Thinking about what multimedia writing might mean in my classes was not an easy task in my first semester using ePortfolios. If we were going to use an ePortfolio, then using the full range of the platform's multimedia opportunities was the only logical approach. Writing papers and then adding images is such a limited and limiting view of literacy and rhetoric in the 21st century so I presented all of this to students as an inquiry, one that we would work through together.
There are three pedagogical principles at work here:
- Since first year writing in my program is based on an inquiry model of student learning, then multimedia writing seemed like a good place to engage inquiry.
- The intellectual and political work of composition research, scholarship, and teaching primarily involves asking how texts work and why, for whom, when, and under what social contexts. The goal is not for abstract critique, the reading reception we often encounter in traditional literature-based courses, but for a writing production model, so interrogating multimedia production is a well-suited curricular focus to writing classrooms.
- Critical digital pedagogy, in the Freirean sense asks students to interrogate their local and political situation. Therefore, you generate content and knowledge with and among students; you do not bank it onto them, to use an old quip from the Freire theory vault.
I needed a vessel so I created a shell of an ePortfolio, an ePort only open to the students in my courses. A student-writer in each section volunteered a personal essay that they wanted to see go public (second-semester students also volunteered a collaborative website project). Together we worked on these projects and design, in an aloud protocol, and did live experiments on the webpages. That space with the live experiments became a website called Digital Spectrum by the end of the first semester with students directing me on its design and function. It is now an undergraduate, online journal focused solely on the work done by first year college students (in first year seminars and composition sections) with a 5-member editorial staff who plan to build an archive of multimedia textual production.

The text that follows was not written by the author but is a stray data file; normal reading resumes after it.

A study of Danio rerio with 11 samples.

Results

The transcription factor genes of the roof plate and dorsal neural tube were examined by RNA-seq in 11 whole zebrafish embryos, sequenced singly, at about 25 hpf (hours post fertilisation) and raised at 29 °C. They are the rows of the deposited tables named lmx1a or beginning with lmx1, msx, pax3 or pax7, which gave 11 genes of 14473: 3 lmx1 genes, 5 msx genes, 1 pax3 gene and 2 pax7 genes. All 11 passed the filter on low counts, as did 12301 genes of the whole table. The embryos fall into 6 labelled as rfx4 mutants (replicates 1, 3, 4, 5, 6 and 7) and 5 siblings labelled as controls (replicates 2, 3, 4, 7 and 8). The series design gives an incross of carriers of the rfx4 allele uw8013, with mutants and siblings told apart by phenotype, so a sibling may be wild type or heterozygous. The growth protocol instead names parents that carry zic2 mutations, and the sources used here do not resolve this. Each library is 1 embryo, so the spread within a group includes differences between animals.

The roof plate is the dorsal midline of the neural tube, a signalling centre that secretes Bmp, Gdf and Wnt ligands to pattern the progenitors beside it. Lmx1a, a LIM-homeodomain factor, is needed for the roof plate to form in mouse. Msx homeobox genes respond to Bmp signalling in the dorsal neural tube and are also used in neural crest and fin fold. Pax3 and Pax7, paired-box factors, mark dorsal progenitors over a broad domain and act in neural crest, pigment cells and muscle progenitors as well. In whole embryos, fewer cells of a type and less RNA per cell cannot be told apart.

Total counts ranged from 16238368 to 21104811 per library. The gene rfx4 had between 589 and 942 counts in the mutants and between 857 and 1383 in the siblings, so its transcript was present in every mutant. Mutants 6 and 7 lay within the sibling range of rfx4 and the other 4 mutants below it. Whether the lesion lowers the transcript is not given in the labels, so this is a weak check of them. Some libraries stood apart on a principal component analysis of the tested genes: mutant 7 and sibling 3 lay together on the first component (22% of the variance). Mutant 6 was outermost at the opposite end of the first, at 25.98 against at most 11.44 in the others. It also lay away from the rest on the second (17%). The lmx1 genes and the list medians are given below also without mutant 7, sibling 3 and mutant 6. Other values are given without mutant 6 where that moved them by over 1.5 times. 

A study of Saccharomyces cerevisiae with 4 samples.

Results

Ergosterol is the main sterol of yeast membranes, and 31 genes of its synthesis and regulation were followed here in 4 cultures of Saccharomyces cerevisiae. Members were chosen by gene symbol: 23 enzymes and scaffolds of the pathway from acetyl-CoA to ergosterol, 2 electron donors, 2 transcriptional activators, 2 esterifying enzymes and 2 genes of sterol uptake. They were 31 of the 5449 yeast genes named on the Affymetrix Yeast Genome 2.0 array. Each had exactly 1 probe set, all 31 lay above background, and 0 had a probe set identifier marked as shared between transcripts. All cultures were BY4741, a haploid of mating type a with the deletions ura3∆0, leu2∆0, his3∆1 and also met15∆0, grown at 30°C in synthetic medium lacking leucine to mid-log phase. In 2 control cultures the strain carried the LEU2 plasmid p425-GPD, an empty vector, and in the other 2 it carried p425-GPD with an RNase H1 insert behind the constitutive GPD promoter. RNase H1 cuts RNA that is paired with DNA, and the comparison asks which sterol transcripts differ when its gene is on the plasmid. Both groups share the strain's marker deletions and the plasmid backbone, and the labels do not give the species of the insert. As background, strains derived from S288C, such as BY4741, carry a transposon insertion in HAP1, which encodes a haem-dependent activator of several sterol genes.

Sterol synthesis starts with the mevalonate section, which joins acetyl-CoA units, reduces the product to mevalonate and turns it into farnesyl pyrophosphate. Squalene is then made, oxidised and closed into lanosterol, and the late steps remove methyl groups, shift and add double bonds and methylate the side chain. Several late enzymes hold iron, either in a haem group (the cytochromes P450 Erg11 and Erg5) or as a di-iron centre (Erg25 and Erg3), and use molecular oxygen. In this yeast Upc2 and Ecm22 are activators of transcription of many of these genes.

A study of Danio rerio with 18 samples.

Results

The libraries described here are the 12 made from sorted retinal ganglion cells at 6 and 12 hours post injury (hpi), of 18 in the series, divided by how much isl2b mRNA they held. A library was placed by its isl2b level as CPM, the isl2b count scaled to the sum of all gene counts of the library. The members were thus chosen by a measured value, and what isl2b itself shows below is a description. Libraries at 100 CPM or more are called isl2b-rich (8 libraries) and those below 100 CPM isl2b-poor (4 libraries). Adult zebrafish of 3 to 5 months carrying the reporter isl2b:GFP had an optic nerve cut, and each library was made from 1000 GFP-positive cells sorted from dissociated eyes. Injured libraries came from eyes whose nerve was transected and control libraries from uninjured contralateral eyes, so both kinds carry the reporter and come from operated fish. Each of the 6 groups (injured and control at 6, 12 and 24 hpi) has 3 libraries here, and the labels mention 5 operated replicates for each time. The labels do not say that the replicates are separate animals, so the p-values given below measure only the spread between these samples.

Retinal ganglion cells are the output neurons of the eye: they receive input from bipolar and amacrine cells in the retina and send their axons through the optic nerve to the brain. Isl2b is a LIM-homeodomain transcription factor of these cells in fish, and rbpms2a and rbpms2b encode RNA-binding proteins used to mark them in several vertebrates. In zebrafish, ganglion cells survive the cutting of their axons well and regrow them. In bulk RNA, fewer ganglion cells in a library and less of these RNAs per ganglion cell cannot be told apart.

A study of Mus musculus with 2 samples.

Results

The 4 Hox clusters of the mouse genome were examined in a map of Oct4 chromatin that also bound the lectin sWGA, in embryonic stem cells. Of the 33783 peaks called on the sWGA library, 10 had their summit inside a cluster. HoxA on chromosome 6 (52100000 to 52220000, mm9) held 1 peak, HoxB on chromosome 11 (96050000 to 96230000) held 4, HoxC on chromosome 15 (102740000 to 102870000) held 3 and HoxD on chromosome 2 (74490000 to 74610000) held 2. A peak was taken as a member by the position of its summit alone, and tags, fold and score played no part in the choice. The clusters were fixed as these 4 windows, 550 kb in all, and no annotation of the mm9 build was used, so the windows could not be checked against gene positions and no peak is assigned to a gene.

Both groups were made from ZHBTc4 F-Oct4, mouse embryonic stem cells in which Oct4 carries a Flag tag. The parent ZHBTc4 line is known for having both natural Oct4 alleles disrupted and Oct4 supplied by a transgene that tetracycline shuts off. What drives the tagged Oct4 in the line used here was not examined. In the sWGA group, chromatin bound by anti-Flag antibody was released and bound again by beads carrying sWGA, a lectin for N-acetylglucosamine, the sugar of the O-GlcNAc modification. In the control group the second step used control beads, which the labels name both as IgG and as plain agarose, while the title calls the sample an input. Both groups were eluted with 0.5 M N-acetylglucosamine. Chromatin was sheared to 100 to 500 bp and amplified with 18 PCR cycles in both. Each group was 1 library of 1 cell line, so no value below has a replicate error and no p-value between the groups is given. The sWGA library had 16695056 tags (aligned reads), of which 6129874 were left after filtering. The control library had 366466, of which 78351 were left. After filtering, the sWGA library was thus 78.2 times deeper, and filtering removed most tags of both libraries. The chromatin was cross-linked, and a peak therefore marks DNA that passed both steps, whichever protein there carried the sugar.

Two critical turning points at what is now a journal, Digital Spectrum, shaped the progressive, forward-reaching design of students' ePortfolios:
1) Yodalin's interactive essay--- Yodalin's nesting of a prezi, multiple images, videos, and multilingual hypertext links propelled more thoughtful use of images and weblinking ;
2) Uber's multimediated research essay--- Uber's parceling out of his research components with sidebars featuring relevant documentaries propelled new ways of presenting traditional research on multimedia platforms.